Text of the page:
For Jack Ma, sleep is sacred. When the 54-year-old Founder and Executive Chairman of tech conglomerate Alibaba Group was asked at the World Economic Forum in Davos last week what keeps him up at night, he swiftly replied: “Nothing! If I don’t sleep well, the problem will still be there. If I sleep, I have a better chance to fight it.”

Science proves that prioritising sleep allows Ma—and us—to better solve more complicated problems and practise values he espoused at Davos last year: emotional intelligence or quotient (EQ)—our ability to recognise, understand, and manage our emotional responses and influence those of others—and what he calls “the love quotient” (LQ).

“If a person wants to be successful, he should have a high EQ,” he told WEF attendees in 2018. “If you don’t want to lose quickly, you will need a high IQ, but if you want to be respected, you need a high LQ—the IQ of love.”

Explaining LQ at a JP Morgan conference in 2017 and placing it at the top of his hierarchy of values, Ma said: “There is IQ and there is EQ. But more important is LQ. You can become a money machine, but what’s the use of that? If you’re not contributing to the rest of the world, there’s no LQ.”

Staying on a path of purpose and cultivating emotionally intelligent relationships all starts with a good night’s rest. Research proves that sleep deprivation chips away at our civility and empathy, the cornerstones of EQ, and can even result in our unleashing aggressions toward those we love most. On an individual level, people who are sleep-deprived experience a greater sense of burden, as well as symptoms related to social anxiety and depression, according to a study just published in the Journal of Affective Disorders.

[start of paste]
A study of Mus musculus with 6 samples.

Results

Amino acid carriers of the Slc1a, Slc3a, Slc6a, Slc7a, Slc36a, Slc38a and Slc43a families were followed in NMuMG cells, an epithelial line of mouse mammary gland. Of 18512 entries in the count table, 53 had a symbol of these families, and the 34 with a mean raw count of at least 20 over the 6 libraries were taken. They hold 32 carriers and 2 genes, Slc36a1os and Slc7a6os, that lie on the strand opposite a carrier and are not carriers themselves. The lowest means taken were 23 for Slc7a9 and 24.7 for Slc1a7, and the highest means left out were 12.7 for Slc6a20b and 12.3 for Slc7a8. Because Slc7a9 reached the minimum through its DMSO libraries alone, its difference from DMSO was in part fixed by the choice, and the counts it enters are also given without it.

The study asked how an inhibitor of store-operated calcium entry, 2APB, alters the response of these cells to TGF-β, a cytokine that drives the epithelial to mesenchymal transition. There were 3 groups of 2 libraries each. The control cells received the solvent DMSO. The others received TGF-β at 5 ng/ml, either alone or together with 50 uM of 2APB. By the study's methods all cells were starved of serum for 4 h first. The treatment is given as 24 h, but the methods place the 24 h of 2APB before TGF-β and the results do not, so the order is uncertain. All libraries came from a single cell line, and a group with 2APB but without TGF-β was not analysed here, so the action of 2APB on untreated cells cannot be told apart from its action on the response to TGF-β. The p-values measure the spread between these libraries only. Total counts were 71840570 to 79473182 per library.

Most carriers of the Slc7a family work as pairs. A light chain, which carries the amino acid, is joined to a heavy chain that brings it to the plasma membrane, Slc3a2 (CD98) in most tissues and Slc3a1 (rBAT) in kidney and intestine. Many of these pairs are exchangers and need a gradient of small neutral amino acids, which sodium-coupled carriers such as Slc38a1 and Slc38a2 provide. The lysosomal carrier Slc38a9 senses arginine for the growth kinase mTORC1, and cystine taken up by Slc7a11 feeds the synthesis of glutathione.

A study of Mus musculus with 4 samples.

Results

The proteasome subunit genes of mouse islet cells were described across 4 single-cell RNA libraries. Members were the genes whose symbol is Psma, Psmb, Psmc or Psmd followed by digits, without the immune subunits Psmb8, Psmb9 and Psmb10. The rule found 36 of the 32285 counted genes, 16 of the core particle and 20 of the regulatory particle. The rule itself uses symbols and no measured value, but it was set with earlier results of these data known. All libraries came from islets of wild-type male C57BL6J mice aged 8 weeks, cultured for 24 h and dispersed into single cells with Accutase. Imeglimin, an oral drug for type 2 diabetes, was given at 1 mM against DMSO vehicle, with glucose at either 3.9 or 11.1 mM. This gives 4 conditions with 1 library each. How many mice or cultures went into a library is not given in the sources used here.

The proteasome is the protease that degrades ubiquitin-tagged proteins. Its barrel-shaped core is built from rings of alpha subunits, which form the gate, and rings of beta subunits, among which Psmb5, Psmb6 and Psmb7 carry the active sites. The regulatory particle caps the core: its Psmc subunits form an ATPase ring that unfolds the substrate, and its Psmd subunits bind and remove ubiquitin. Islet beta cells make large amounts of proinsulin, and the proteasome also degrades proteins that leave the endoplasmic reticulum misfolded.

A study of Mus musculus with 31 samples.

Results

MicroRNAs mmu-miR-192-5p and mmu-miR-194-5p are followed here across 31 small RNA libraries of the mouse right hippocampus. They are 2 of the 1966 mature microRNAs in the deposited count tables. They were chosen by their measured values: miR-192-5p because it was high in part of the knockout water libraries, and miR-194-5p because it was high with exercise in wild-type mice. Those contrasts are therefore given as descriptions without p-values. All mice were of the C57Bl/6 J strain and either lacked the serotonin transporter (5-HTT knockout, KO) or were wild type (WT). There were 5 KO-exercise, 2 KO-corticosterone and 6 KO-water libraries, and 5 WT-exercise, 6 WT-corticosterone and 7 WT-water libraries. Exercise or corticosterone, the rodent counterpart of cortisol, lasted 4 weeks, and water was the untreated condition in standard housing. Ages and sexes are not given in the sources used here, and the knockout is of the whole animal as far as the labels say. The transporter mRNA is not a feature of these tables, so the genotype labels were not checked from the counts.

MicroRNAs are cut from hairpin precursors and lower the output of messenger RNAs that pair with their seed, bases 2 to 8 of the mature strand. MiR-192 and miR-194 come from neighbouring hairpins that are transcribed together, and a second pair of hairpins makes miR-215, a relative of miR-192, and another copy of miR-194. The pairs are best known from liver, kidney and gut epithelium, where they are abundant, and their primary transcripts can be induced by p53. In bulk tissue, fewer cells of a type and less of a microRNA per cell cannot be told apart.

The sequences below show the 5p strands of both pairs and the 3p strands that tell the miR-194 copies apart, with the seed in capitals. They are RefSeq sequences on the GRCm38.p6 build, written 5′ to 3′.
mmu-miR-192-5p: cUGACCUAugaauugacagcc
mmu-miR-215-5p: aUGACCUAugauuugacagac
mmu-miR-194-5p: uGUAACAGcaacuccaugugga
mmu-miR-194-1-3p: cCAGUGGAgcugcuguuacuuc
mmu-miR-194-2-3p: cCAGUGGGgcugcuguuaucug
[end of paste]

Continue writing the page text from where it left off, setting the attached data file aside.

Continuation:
Sleep, in other words, is sacred, and we should treat it as such.


  • Stephanie Fairyington

    Thrive Global Contributing Writer

    Stephanie Fairyington is a contributing writer at Thrive Global. A New York-based journalist, her work has appeared in The New York Times, The Atlantic (online), The New Republic (online), The Boston Globe, and several other publications. She lives in Brooklyn, NY with her spouse Sabrina and daughter Marty.